Brent Bozell

There was a wonderful routine in the Bozell family when I was 11 years old. Every Saturday afternoon my mother would load her undiapered-aged brood, maybe six of us back then, into the station wagon for an outing to the local movie theater. What a delight. John Wayne and the westerns. Dean Jones and anything Disney. "Gone With the Wind," "How the West Was Won," "Doctor Zhivago."

On any given Saturday afternoon, Hollywood laid out the red carpet for families, beckoned us in, serving us popcorn and a soda, inviting us to lose ourselves, for a couple of hours, to the world of wonder and imagination.

But that was 40 years ago, another era. All that sparkle is gone today.

Last Saturday afternoon we were alone, my little boy, Reid, and I, and the idea hit to take my 11-year-old to the movies, our own father-son outing. What to see? I pondered, opening the paper for the theater listings. Here is what Hollywood, circa 2008, has to offer.

First, a gratingly long list of mediocre R-rated movies:

"Blindness" (rated R) -- Completely hopeless film about people catching an infectious disease of blindness and getting rounded up in a mental asylum.

"Quarantine" (R) -- Completely hopeless film about a TV news crew getting trapped in a Centers for Disease Control quarantine of a building where everybody catches a version of rabies and dies. (What is this, a trend?)

"Burn After Reading"(R) -- A dippy personal trainer gets caught up in a government plot, doesn't know what he's doing and gets shot in the face. So much for Brad Pitt.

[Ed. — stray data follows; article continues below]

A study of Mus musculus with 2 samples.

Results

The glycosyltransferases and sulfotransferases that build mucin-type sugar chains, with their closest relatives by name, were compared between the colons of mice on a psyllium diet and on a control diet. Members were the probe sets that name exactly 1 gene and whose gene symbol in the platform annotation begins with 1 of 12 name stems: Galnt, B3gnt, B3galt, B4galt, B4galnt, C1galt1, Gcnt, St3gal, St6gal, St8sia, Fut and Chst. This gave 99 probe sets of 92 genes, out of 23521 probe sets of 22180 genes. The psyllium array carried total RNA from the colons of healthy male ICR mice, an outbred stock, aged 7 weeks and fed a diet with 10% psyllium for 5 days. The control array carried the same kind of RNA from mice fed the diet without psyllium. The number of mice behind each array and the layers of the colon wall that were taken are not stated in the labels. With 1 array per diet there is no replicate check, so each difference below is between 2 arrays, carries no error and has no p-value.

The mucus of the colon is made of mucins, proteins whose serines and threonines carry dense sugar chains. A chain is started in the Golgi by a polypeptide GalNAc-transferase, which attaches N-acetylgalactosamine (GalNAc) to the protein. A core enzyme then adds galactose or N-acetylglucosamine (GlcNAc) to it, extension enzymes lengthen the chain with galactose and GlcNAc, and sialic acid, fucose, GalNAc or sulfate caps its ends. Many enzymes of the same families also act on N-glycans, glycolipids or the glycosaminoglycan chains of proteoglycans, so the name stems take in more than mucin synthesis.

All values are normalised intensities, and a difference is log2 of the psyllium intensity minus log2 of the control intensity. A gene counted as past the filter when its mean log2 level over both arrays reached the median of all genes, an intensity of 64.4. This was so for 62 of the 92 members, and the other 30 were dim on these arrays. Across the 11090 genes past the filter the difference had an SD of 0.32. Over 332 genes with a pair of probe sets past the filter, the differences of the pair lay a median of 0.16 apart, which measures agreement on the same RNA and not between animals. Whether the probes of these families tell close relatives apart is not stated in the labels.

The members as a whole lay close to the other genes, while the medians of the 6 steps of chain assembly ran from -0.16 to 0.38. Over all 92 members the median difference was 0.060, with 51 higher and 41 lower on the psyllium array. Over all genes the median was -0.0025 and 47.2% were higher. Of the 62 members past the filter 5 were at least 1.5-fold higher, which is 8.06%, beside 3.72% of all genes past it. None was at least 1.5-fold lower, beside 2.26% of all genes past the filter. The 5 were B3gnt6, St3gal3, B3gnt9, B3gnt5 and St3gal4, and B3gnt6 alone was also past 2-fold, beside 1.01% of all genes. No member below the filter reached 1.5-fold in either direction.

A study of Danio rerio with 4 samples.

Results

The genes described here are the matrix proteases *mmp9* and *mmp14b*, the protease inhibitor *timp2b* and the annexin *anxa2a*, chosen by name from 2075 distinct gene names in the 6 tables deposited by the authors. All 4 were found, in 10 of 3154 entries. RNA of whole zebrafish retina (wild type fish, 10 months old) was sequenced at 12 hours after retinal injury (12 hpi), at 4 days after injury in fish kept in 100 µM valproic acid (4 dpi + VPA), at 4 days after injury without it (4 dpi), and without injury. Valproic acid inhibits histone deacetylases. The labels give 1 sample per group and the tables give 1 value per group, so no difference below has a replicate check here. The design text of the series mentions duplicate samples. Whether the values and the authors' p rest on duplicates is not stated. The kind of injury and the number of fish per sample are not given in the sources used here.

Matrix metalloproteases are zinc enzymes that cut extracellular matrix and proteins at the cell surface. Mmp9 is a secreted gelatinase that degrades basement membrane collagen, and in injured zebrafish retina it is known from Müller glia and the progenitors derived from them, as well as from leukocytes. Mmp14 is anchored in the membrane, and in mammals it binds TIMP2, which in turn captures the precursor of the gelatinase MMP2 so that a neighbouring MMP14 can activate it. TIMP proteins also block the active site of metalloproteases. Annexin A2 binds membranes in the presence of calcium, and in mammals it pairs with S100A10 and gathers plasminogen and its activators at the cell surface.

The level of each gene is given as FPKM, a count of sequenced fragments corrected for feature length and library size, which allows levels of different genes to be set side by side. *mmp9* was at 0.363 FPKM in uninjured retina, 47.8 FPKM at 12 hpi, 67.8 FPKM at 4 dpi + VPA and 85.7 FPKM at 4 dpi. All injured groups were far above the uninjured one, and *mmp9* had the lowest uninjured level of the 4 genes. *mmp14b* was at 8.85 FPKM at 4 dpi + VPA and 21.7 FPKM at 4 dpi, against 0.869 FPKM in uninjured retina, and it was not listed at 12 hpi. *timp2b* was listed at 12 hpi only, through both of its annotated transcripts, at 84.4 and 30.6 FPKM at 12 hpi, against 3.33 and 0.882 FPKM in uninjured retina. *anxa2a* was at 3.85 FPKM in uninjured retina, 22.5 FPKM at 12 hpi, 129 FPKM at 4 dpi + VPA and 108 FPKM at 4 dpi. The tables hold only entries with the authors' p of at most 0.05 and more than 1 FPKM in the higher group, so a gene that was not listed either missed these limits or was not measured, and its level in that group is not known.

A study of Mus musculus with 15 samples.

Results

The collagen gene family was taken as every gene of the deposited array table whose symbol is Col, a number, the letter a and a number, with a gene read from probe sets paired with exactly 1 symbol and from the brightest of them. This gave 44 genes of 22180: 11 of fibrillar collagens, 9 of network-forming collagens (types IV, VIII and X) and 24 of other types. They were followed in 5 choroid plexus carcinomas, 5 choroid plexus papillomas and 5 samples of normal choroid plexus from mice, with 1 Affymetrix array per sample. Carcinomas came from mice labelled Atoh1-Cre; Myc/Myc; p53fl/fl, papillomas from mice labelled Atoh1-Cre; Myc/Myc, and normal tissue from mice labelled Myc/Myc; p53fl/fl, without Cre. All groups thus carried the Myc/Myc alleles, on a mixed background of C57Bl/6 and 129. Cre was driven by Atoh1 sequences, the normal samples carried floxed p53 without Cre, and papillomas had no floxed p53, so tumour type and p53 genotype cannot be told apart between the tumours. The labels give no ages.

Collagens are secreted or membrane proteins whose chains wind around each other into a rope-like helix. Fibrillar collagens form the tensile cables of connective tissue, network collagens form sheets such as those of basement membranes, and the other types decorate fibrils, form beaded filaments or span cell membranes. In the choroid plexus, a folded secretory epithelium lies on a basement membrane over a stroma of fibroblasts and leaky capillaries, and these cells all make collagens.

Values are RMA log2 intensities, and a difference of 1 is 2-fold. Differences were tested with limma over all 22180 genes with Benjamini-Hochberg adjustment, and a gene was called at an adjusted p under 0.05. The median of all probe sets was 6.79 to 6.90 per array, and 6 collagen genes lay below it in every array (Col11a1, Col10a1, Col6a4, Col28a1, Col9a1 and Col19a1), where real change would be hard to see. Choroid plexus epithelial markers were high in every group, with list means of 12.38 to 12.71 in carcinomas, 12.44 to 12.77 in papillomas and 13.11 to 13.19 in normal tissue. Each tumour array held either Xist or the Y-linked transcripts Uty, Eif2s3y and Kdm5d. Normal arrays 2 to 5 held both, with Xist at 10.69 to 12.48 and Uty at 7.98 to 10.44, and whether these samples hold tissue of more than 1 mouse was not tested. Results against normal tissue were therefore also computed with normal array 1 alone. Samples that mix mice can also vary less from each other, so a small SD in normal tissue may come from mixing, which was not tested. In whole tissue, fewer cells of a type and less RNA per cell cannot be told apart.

"Body of Lies" (R) -- Leonardo di Caprio pretends to be a rugged CIA agent, and we're lectured again about the moral rot of American foreign policy manipulators.

"Righteous Kill" (R) -- Serial killer takes out violent felons who've fallen through the cracks of the justice system. Nothing more than a rip-off from that perverted TV show "Dexter."

"Miracle at St. Anna" (R) -- Spike Lee tries to make a war movie without any wacko claims about the federal government blowing up levees in New Orleans.

"How to Lose Friends and Alienate People" (R) -- British satire of celebrity journalism, complete with a pig urinating on a woman at the British version of the Oscars. Ha. Ha.

"Religulous" (rated R) -- Who'd give two nickels to Bill Maher to watch him rant against God?

"Appaloosa" is a Western I might enjoy on my own, but it's an R.

Then there's the PG-13 gunk to consider:

"Flash of Genius" (PG-13) -- Son, let's see a whole movie about the inventor of intermittent windshield wipers. I think I'd skip that even on a rainy day.

Brent Bozell

Founder and President of the Media Research Center, Brent Bozell runs the largest media watchdog organization in America.